Two researchers at the Vrije Universiteit Brussel (Belgium) are launching the Open Patent Office, aiming to aggregate innovative ideas to defend them from being blocked by patents. Patents no longer contribute to innovation or knowledge, the two claim, and often create a loss instead of a profit. Conversely, there is a growing need for defensive publications to allow open innovation.
The non-profit Open Patent Office was unveiled at the Fosdem open source developer conference in Brussels earlier this month by Prof. Dr. Frederik Questier. He founded the NGO together with researcher and intellectual property lawyer Wim Scheurs.
The main aim of the Open Patent Office is to prevent patents from appropriating innovation. “The Open Patent Office documents innovation, to prevent the idea being patented later by someone claiming it as theirs”, Questier says.
Already, other researchers are interested, including mathematicians. “Mathematical methods can’t be patented, but sharing them in the public domain can be useful”, Questier says. The initiative is also getting attention from patent attorneys. They sometimes see applications for which patents are not profitable. Getting an ‘open patent’ would be a defensive strategy to protect the freedom to operate, Questier says.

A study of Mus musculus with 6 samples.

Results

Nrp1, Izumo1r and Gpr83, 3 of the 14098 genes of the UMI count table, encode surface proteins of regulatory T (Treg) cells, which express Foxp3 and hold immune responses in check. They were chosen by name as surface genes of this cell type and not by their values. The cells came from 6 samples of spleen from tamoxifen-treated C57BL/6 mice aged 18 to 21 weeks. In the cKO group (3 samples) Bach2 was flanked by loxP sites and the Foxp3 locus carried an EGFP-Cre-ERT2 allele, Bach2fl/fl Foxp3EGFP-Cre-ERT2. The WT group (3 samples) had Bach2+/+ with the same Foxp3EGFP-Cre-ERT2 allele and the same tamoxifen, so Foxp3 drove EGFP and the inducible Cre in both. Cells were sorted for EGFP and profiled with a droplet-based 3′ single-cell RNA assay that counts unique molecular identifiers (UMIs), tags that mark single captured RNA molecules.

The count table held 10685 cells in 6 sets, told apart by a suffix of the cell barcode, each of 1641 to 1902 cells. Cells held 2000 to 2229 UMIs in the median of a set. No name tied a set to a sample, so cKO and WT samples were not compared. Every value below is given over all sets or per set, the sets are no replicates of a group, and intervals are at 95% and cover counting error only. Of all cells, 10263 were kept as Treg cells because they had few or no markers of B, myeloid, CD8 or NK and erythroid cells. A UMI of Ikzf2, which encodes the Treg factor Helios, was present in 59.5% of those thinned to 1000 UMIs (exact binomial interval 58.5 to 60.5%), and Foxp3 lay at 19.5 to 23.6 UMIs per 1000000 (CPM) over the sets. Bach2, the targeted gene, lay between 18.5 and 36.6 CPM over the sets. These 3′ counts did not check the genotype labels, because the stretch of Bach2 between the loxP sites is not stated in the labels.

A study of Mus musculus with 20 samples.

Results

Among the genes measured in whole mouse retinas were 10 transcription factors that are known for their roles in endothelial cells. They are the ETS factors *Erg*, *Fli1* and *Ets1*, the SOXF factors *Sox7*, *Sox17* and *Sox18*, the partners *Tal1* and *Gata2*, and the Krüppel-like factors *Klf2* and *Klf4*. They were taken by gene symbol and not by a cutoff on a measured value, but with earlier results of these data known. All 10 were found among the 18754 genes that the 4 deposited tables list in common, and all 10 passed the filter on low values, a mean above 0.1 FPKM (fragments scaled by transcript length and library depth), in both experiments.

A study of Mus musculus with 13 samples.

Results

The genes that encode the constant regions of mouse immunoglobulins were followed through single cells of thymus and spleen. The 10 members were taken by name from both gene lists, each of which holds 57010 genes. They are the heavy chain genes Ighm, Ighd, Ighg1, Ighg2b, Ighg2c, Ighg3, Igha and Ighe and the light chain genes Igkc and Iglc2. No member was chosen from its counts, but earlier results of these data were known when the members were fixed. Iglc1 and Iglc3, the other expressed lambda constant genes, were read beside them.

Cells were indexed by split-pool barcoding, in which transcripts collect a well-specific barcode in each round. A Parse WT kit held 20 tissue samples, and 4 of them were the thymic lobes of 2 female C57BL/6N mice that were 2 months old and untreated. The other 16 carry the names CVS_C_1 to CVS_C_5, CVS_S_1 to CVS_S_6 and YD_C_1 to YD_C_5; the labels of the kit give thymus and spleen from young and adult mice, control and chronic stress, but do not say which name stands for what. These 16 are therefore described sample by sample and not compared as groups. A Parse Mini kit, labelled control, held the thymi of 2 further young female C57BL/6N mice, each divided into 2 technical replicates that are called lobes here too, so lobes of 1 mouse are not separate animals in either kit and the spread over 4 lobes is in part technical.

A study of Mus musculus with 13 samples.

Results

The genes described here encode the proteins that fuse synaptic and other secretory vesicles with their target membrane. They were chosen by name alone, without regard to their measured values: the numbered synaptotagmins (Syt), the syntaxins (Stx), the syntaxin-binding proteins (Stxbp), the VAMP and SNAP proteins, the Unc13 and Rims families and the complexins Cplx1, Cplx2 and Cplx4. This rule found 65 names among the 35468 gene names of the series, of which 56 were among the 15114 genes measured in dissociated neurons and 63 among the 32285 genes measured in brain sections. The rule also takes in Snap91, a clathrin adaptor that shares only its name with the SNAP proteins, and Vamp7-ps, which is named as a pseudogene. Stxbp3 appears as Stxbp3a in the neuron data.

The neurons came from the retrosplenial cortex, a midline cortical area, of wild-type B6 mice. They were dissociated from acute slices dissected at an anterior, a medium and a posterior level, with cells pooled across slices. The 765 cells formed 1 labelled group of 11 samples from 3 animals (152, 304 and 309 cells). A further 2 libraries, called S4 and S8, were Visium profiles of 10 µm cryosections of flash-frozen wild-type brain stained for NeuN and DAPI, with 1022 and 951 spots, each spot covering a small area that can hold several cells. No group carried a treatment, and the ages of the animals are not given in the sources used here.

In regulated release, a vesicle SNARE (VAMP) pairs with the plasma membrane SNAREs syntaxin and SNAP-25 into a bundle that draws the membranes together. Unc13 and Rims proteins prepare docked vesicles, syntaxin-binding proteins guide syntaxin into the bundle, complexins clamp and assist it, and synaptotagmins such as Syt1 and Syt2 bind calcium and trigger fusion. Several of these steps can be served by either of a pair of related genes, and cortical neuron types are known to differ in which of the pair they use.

The two say that the patent system is no longer beneficial to the community. The system is especially problematic for software development. Problems include patent trolls and patent wars, with huge litigation costs hindering even the largest companies.
In addition, obtaining patents is expensive, obstructing small and medium-sized companies. “Patents are a tax on innovation, with some scientists estimating the cost to be between 12% and 30%”, Questier says.
The site should be up and running this summer. The website will then allow inventors to easily file ideas, at no cost. The Open Patent Office will take care of time registration, and communicate the ideas to patent offices across the globe.
The online Open Patent Office will require a full description of the innovation, background art, drawings and conclusions, so that others can implement the idea. Innovations will be published immediately, with verifiable timestamps. The content will be optimised for search engines and patent officers, and will follow the international patent classification.
“Similar to patents, we will provide inventors with an open patent index number that they can use to promote their work”, Questier says. The site will also promote the discussion of ideas, says Questier. “Because if ideas talk, they become smarter.”